Blake N. Piano for dummies - IDG, 1996. - 353 p.
Download (direct link): pianofordummies1991.pdf
J' The bass clef’s two dots surround the staff line that represents the note F.
You can call the bass clef theF clef, if you like, or think of it as a stylized B — the dots are the humps — for “bass.” Again, you didn’t hear that from me when Professor Uppity asks.
Part II: Getting Sound Dow*it£a|MV
Figure 4-6:
The bass clef.
Don’t think that the bass clef surronds the F just below the treble clef G. It doesn’t! Instead, this F is one set of keys lower on the keyboard (see Figure 4-7).
more than one key.
Bass clef F Middle C Treble clef G
To read the notes on the bass clef, simply start with the F line and travel down, or backwards, and up, or forwards, through the alphabet. Figure 4-8 shows you the notes on the bass clef staff.
Figure 4-8: G B D
The bass is loaded with
occurences _____________________________
of seven --------- n— °
basic notes.
On both the treble and bass staff, notice that the bottom line and top space have the same letter name. Same goes for the bottom space and top line on each staff. Figure 4-9 illustrates my point beautifully.
Chapter 4: Folloping Horizontal and Vertical Linos
Mnemonics help you remember the mnotes
Having trouble remembering the names of the lines and spaces for each staff (and consequently, the notes they represent)? Use a mnemonic, a word or phrase created from the letter names of these lines and spaces, to help you remember.
I like the following mnemonics, but feel free to make up your own. Unless otherwise noted, these mnemonics start on the bottom line of each staff and go up:
Treble clef lines (E-G-B-D-F):
. Traditional (but sexist): Every Good Boy
Does Fine
.j Musical: Every Good Band Draws Fans
Pianistic: Even Gershwin Began (as a) Dummy First
. Culinary: Eating Green Bananas Disgusts Friends
Shameless: Every Good Book (is a) Dummies Favorite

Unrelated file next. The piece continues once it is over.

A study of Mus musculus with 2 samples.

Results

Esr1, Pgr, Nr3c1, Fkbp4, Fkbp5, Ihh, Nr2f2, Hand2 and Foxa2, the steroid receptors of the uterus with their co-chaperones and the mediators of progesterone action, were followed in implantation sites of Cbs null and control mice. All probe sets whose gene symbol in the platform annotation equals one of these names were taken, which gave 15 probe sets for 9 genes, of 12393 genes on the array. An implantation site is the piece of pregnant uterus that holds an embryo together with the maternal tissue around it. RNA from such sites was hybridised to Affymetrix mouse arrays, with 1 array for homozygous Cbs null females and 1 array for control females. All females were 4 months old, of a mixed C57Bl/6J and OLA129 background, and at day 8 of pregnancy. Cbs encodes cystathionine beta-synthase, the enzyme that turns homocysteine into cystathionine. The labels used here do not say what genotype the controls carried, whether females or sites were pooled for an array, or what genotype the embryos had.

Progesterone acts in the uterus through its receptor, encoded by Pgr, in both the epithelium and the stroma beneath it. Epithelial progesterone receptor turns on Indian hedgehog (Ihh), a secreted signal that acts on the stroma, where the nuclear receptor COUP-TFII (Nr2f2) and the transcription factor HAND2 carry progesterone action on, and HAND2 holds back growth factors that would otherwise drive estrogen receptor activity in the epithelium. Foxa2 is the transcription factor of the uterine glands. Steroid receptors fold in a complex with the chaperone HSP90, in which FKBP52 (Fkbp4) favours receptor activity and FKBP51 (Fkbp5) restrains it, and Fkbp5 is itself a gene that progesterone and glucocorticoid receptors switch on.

Treble clef spaces (F-A-C-E):
Traditional: FACE (like the one holding your nose)
- Musical: Forks And Chopsticks Everywhere {See Chapter 3.)
. Laundry (start with top space): Eventually Colors Always Fade
Bass clef lines (G-B-D-F-A):
Recreational: Good Bikes Don’t Fall Apart
J' Musical: Great Beethoven's Deafness Frustrated All
.s Musical: Grandpa Bach Did Fugues A lot
Painful: Giving Blood Doesn't Feel Agreeable
Bass clef spaces (A-C-E-G):
* Musical: American Composers Envy Gershwin
J* Animal: All Cows Eat Grass
J' Revenge (start with top space): Get Even, Call Avon
Read enough of these, and you'll be hard-pressed to forget them. Of course, if you do happen to forget these helpful mnemonics, simply find the line encircled by the clef and move up or down the alphabet from there.
Figure 4-9:
On top and bottom, the name's the same.
Part II: Getting Sound Down on Paper_________________
Double J/our Staff, Double j/our Fun
Sooner or later, on either staff, you run out of lines and spaces for your notes. Surely the composer wants you to use more of the fabulous 88 keys at your disposal, right? Here’s a solution: Because you play piano with both hands at the same time, why not show both staves (plural form of “staff”) on the music page? Great idea!
Grand staffing
Join both staves together and you get one grand staff (it’s really called that), as shown in Figure 4-10. This way, you can read notes for both hands at the same time.
Figure 4-10:
Ain't these staves grand?
Why all the wasted space between the two staves? I’m glad you asked. Look at the treble (top) staff and name the notes downward from G. You’ll notice that you only get to E before running out of lines. What to do?
Now go to F on the bass (bottom) clef and name the notes upward. You only get to A. What about the remaining B, C, C-sharp, D, and D-sharp in between A and E, shown in Figure 4-11?
C# D#
Figure 4-11:
Where are the lines and spaces for these little guys?
Chapter 4: Following Horizontal and Vertical Lines
The grand staff has an “imaginary” solution. Imagine, if you will, another line running between both staves. This line creates spaces that can hold three extra notes and the applicable sharps and flats for each, as shown in Figure 4-12.
Figure 4-12:
Making room for more notes.
Notice what this line does to the grand staff — it makes it practically impossible to read. Instead, the staves are spread apart and a very small line is used in the middle for C — just wide enough to hold the note — as shown in Figure 4-13. You call this a ledger line, often spelled without the “d” as leger, but that just looks wrong.
Figure 4-13:
A thin little line to hold more notes.
Squeezing in the middle
The note C that occupies the ledger line in between the staves is called — drum roll, please — middle C. Coincidentally, middle C is the white key located just about dead center on your piano. On some pianos, the middle C is labeled “C4,” because it’s the fourth C from the bottom.